Croc or gator, this year the little creature has been multiplying at a prodigious rate, bringing estimated worldwide sales for Lacoste to more than $350 million. In the U.S., which accounts for half those revenues, the scaly status symbol first turned up on weekend athletes like Dwight Eisenhower, Bob Hope and John Wayne. They began wearing the classic Lacoste shirt back in the 1950s. Now millions of Americans own something with the alligator emblem—shorts, shirts, sweaters, socks, pants, hats and belts, ranging in price from $3 to $90. Besides golf and tennis outfits, Lacoste also turns out clothes for boating, jogging, skiing and horseback riding.
Lacoste is even making a children's and infants' line. "Start those kids at 2," exults Vincent Draddy, chairman of David Crystal, Lacoste's U.S. licensee, "and they will still be wearing the alligator when they are 70."
The Lacoste empire was launched almost by chance. In the late 1920s René always played in the standard white pants and starched shirt with collar and cuffs. "One day I noticed my friend the Marquis of Cholmondeley wearing his polo shirt on the court," remembers René. " 'A practical idea,' I thought to myself." It was so practical, in fact, that René commissioned an English tailor to whip up a few shirts in both cotton and wool. "Soon everyone was wearing them," he smiles.
Why the alligator? On tour with the French Davis Cup team in Boston in 1923, René admired an alligator suitcase in a store window. He told his trainer that if he won he wanted the bag as a reward, and he was soon being referred to by friends as "Alligator." René lost the match and the prize—but the name stuck anyway.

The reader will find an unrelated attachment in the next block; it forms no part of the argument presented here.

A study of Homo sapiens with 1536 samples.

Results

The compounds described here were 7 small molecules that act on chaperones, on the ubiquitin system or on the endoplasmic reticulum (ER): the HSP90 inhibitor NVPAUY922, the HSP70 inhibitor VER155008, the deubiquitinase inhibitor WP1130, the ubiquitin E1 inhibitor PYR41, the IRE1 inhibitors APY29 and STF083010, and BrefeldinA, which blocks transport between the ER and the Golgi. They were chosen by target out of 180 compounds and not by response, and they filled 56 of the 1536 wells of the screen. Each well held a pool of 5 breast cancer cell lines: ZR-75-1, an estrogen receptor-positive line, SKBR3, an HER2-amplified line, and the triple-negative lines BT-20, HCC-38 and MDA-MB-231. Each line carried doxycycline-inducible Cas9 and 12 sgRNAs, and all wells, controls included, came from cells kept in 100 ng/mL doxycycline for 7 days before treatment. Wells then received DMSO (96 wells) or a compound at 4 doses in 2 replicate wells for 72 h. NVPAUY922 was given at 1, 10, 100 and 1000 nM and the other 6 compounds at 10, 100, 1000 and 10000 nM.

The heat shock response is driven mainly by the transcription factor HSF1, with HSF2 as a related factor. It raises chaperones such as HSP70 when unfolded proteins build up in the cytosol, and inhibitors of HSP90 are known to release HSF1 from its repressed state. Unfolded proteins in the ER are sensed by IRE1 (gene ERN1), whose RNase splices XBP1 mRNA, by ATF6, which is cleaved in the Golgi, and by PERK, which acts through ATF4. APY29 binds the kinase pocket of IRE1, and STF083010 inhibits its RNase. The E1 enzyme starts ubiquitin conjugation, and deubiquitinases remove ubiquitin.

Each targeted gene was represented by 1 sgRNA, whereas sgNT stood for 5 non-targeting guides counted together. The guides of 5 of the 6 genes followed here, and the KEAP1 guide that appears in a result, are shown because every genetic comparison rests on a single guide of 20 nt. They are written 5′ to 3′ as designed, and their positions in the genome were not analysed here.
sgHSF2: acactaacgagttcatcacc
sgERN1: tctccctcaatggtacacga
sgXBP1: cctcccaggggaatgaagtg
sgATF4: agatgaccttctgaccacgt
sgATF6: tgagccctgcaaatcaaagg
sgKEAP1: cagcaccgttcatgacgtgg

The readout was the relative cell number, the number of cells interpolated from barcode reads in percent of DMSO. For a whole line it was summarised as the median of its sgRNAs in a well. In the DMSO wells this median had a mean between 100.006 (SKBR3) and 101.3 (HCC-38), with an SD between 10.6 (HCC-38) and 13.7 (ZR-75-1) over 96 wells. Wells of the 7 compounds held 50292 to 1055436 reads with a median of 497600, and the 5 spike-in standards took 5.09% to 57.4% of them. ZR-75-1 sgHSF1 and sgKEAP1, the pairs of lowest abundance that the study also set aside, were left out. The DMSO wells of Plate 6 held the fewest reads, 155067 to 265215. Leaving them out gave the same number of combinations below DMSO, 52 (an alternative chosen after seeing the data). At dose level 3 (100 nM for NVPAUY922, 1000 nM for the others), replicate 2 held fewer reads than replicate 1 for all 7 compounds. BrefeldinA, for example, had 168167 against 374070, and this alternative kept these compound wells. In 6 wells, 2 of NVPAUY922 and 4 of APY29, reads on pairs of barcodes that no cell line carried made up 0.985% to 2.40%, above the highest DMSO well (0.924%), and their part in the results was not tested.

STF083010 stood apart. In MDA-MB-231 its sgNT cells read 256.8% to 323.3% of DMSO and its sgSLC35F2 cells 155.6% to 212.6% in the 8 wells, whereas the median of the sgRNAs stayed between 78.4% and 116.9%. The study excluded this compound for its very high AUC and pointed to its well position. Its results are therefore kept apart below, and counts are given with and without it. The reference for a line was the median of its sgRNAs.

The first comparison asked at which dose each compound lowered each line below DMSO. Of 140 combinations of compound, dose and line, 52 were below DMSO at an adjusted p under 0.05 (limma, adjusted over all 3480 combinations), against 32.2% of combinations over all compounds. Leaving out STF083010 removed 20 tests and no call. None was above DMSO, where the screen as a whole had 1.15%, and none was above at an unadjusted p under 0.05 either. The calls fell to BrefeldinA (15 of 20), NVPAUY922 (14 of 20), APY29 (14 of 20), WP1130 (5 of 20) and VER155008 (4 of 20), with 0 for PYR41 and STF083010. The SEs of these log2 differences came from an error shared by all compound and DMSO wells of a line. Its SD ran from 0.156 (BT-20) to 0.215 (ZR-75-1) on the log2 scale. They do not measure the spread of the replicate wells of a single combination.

He patented his shirt with the insignia in 1933 and went into business. Today the firm is still struggling to keep fakes off the market. In Japan it has been forced to stitch the family name across the alligator so there will be no doubt about the genuine article.
Lacoste retired from competition in 1929 after an attack of tuberculosis. Two years earlier he had defeated Bill Tilden for the American championship. Recovering from the illness, René married another athlete, Simone Thion de la Chaume, winner of the British women's golf title in 1927. (Their only daughter, Catherine, won the U.S. Women's Open 40 years later.) Nowadays the Lacostes spend as much time as possible at their Kennedy-like compound at Chantaco, the family's golf club in hilly southwestern France. Of Rent's three sons, Bernard, 48, president of Lacoste, is generally credited with its rapid growth. Michel, 36, joined the firm a year and a half ago. Francois, 46, is a Ph.D. in physics who works for a chemical company. There are 12 grandchildren. René continues to play tennis as a hobby and with his sons recently invented a racket that prevents tennis elbow. (Back in 1965 he designed Wilson's first metal racket, the T-2000, still a favorite of Jimmy Connors.)
On crisp fall afternoons at Chantaco, le crocodile enjoys lecturing the family on physical fitness—he's against wine, pepper and dancing—and sharpening his grandchildren's tennis game. "Perhaps," he muses, "there's another champion among them."
In one of Woody Allen's short stories, a shirt salesman falls upon hard times and prays for divine guidance. "Put an alligator over the pocket," God tells him. The puzzled man asks "Pardon me, Lord?" The reply: "Just do what I'm telling you—you won't be sorry:" Begging the Lord's indulgence, but René Lacoste got there first. The 75-year-old former French tennis star is the founder and reigning genius of his family's sprawling apparel empire—whose 1¼"-inch alligator trademark is recognized in more than 80 countries. In France it's called le crocodile—the fond nickname of the elegant sportsman (with prominent nose) who started the company 45 years ago.